This summer 19 youth dancers from the Al Raja Palestinian Folkloric Dance Troupe, based in Ramallah, West Bank, will travel to the United States and perform throughout the country …
This summer 19 youth dancers from the Al Raja Palestinian Folkloric Dance Troupe, based in Ramallah, West Bank, will travel to the United States and perform throughout the country, making appearances in congregations of the Evangelical Lutheran Church in America (ELCA), at key ELCA events, and at other ministry sites.
The purpose of the tour is for the young dancers to share the gifts of their culture, be messengers of peace, and help Americans understand who they are and how they live, said Christoph Schneider-Yattara, associate director for companionship, advocacy and education, ELCA Global Mission.
The dancers are Christian and Muslim teens from the Evangelical Lutheran School of Hope, Ramallah. The school is a ministry of the Evangelical Lutheran Church in Jordan and the Holy Land (ELCJHL).
The dancers and three chaperones are scheduled to arrive here June 12 and will perform June 13 at Concordia University, River Forest, Ill. They will tour the United States through July 31, visiting congregations, schools and other ministry sites in California, Connecticut, Massachusetts, Michigan, Minnesota, Nebraska, New Hampshire, New York, Texas, Vermont and Wisconsin. During the tour the dancers will make appearances at the ELCA Youth Gathering in San Antonio and at the ELCA Global Mission Event in Amherst, Mass. The dance troupe is scheduled to return to the Middle East Aug. 1.
Al Raja means “hope” in Arabic, said Schneider-Yattara. “Members of the dance troupe are eager to meet American youth and see how they live. They have much to share with Americans about their lives,” he said.
Palestinian teens express their culture through traditional dance, practicing for hours each week, Schneider-Yattara said. Many Palestinian children learn the traditional debka dancing at an early age.
Most of the dancers speak Arabic, English and German. Many aspire to attend college in the United States.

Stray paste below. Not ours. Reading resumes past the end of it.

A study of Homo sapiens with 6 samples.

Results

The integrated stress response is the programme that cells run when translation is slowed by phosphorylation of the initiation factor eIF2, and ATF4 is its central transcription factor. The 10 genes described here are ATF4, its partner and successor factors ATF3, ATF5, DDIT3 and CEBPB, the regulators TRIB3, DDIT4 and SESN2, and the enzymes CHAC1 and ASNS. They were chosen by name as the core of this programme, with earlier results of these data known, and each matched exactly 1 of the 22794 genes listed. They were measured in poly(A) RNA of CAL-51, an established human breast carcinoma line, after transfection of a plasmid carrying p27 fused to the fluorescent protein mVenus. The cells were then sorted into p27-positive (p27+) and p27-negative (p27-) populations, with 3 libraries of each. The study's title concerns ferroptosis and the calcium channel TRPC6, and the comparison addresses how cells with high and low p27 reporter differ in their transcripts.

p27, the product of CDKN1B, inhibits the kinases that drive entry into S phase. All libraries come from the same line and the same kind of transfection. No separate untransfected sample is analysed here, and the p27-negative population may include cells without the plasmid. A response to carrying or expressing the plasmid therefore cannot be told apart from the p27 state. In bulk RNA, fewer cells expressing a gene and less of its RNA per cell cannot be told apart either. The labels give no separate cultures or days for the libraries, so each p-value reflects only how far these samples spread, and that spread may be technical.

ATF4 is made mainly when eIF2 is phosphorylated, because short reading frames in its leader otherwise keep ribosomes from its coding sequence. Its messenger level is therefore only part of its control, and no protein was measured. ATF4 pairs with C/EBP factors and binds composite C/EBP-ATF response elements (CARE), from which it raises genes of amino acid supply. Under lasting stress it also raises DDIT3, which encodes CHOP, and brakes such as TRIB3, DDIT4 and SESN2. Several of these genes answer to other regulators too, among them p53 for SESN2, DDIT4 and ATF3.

This is not the first time the teen dancers have traveled to another country. In 2004 the troupe went to Norway. Because Palestinians are not allowed to fly from Israel’s airport in Tel Aviv, they must travel to Amman, Jordan, and fly from there. Crossing the border into Jordan can take four to five hours, Schneider-Yattara said. In addition Palestinians cannot leave home without a permit. They must first get a permit before they can leave Ramallah, then travel to Jerusalem to apply for their visas.
In Norway the Palestinian students found a different world, and many said they were free to travel as they wished, said Schneider-Yattara.
Recently the dancers took a journey to Jericho, also in the West Bank, and one of the few places the youth can go for a picnic outing without a special permit, he said. Najwa Kreitem, an advisor for the troupe, said they were stopped three times and had to stand outside the bus in the winter cold. It took more than two hours to make the 25-mile trip, Schneider-Yattara said.
“The ELCA advocates dignity and justice for all people and peace and reconciliation among the nations,” Schneider-Yattara said. The Al Raja dancers’ tour is part of the church’s Middle East strategy.
Voting members at the 2005 ELCA Churchwide Assembly in Orlando urged congregations to participate in the campaign, “Peace Not Walls: Stand for Justice in the Holy Land,” to build awareness, and engage in accompaniment and advocacy for peace with justice in the Middle East.